Review by Carolyn Frank
William Morrow Hardcover  ISBN/ITEM#: 9780061670138
Date: 01 February 2009 List Price $24.99 Amazon US / Amazon UK / Show Official Info /

The words may have been said in many times in many ways, but to most the phrase is associated with the next to last scene in the movie Casablanca where Rick sends Ilsa away with the words: We'll Always Have Paris. They have the memory of the euphoric phase of their love and no one can take that away from them. From this set of never-before-published short stories by Ray Bradbury, the reader will be able to take away new insights into the human condition as told by a master. Although one story features a trip to Mars, these are literary tales describing human life on Earth. For some stories Bradbury employs magical realism, but not science fiction regardless of how it is defined.

In the story from which the collection name is taken, "We'll Always Have Paris," the narrator takes a walk through late night Paris. Leaving his wife behind in their hotel room, the American narrator goes to experience the city on his last night before leaving. He ends up being led by a non-English-speaking Parisian through the dark, nearly empty streets to a very French denouement.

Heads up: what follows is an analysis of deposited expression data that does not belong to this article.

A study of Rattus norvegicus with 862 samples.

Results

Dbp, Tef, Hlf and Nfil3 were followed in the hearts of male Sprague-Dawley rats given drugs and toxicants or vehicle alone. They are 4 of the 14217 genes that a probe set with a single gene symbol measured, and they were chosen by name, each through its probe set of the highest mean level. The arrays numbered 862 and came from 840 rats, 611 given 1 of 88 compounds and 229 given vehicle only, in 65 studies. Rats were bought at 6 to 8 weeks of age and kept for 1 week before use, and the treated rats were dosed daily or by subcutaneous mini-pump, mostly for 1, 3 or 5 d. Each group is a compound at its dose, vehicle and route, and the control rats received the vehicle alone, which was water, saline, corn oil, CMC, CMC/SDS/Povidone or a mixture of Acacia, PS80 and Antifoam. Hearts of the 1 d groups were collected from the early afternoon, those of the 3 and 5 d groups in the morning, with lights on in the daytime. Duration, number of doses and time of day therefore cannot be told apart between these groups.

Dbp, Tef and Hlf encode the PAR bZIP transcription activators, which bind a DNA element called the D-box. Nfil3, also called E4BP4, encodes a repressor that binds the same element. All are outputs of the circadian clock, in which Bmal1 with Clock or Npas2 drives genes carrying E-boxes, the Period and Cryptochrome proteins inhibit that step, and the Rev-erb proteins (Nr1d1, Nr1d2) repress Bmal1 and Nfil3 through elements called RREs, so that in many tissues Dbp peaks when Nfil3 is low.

The only tale that could be considered science fiction, "Fly Away Home", was probably written back in the 1950s when Mars was thought of as a red desert-like version of Earth. This is a tale of the first rocket ship taking men to Mars and the associated psychological toll of traveling so far away, with no quick or easy way home. Although certainly non-intuitive, the response to this issue is a completely reasonable one within its own context.

In "A Literary Encounter," a young wife finds an ever-widening gap between her husband-of-less-than-a-year and herself. He has the habit of reading literature in the evening, which is fine, and of unconsciously taking on the persona of the narrator of the latest book that he is reading, which is not. The imaginative solution comes when the wife learns to understand and then to manage the situation.

The other nineteen stories in the book vary as widely over the breadth of human behavior as is conceivable by such a master as Bradbury. Many of the locations and even some of the people are familiar to readers who have read his earlier anthologies, but everyone who enjoys a well-told short story will find many here to savor.